Countries are increasingly in need of low carbon construction as the world’s population continues to grow. To meet this demand, JCB recognised that they needed to utilise zero carbon technologies. Current electric construction machines, whilst better for the environment, are unsuitable in an isolated setting due to the limitations of battery charging infrastructure. Realising an alternative energy source to batteries was required, JCB began experimenting with the use of hydrogen.
Hydrogen fuel-cell technology was initially investigated. However, fuel cells are expensive and easily impaired by dust and volatile organic compounds found in tar and paint, making them impractical for use in construction. Knowing that customers wanted a machine that acted no differently to those already in production, Lord Bamford challenged the team to design an engine running purely on hydrogen gas.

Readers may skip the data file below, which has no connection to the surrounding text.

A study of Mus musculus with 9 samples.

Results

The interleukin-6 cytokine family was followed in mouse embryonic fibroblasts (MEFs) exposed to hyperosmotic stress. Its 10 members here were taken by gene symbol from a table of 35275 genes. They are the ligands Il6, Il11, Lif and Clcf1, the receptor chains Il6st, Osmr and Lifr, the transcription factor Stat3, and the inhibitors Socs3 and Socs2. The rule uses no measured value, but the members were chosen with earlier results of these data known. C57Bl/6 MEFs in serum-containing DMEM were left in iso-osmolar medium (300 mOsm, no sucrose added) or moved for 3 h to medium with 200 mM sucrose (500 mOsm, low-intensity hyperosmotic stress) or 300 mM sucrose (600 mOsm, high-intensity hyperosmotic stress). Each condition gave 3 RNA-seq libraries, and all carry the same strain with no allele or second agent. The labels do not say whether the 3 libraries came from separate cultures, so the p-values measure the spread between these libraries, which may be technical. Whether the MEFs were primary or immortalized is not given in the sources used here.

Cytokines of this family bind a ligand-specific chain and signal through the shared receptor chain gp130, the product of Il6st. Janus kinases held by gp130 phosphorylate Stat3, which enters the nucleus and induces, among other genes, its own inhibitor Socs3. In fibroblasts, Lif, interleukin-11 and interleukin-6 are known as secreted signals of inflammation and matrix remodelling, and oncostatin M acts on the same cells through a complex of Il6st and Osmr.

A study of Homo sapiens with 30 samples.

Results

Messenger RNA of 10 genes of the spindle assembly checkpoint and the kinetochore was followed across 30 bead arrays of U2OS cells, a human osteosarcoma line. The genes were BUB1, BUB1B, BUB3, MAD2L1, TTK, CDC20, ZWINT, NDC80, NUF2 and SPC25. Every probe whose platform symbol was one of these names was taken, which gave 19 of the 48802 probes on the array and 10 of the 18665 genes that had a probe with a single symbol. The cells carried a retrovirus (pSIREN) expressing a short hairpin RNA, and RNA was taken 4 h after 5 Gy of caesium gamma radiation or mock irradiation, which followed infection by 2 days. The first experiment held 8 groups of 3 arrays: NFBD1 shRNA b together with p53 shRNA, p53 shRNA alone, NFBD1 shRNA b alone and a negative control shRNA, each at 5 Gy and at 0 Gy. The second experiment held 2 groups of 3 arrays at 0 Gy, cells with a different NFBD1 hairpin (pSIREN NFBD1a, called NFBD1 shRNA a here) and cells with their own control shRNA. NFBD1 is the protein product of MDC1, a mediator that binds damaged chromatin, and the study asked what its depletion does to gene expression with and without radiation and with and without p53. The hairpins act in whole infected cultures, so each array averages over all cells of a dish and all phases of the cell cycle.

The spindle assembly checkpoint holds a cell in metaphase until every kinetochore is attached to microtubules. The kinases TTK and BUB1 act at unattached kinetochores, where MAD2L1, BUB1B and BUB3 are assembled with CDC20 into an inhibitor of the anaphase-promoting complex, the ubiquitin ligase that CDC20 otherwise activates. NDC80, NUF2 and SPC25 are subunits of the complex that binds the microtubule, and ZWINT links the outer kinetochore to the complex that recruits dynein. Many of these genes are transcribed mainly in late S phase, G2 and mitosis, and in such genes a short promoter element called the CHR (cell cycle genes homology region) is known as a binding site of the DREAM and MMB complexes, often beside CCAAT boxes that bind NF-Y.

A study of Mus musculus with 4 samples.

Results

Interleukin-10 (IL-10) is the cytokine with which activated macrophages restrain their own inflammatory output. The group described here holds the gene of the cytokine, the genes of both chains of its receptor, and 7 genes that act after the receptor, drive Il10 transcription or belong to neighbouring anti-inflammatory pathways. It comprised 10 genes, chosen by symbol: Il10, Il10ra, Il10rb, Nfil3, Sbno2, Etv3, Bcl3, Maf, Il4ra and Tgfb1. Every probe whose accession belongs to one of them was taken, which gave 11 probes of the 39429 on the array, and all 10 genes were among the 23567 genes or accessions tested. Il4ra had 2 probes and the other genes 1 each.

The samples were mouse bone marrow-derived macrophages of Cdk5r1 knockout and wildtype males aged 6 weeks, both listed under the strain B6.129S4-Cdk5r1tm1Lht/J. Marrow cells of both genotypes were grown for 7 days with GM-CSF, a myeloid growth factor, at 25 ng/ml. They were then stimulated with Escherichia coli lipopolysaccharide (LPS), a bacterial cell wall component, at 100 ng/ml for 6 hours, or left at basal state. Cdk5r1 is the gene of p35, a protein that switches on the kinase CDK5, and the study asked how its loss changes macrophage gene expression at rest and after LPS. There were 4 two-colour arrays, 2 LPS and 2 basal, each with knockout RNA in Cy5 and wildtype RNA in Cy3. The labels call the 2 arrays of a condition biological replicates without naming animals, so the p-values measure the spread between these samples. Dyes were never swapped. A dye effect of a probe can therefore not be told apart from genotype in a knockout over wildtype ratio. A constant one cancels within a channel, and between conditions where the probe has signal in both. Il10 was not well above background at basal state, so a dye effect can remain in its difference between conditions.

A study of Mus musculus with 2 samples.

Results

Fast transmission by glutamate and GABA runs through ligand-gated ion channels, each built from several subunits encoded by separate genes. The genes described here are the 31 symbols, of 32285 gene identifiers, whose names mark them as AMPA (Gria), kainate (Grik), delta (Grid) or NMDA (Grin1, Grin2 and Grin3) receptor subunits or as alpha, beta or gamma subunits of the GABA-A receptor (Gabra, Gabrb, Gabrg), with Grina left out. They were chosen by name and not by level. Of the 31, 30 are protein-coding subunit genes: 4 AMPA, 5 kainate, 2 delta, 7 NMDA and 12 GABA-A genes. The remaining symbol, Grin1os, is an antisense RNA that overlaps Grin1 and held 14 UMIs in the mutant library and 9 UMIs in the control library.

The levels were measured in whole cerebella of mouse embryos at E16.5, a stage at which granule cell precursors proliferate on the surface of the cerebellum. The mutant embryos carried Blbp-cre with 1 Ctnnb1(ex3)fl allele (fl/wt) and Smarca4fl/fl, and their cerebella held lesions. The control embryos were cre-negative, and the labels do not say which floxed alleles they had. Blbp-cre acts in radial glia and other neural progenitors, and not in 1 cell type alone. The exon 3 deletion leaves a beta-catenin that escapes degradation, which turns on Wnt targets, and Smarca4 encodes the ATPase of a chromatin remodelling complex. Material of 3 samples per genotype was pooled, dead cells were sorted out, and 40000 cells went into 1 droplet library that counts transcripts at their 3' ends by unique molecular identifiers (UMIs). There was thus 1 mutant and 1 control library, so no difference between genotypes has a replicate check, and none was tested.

A major challenge was re-designing and re-engineering the combustion process to use hydrogen efficiently and cleanly. Unlike petrol and diesel, hydrogen combustion operates at much lower temperatures and pressures making it unsuitable for use in traditional fuel engines. JCB collaborated with universities on engine design and, through a series of computer modelling iterations, perfected the mixing of air and hydrogen for consistent combustion. Customised spark plugs were then deployed to ignite the mixture. The result is a combustion engine designed from first principles running solely off compressed hydrogen gas. It is refuelled in the same way as a traditional engine, but instead emits only steam.
Diggers powered by hydrogen combustion engines are designed to be affordable products which can be adopted quickly in existing construction sites across the globe. As customer confidence in the use of hydrogen gradually increases, the next challenge will be manufacturing enough sustainably produced hydrogen to meet global demand.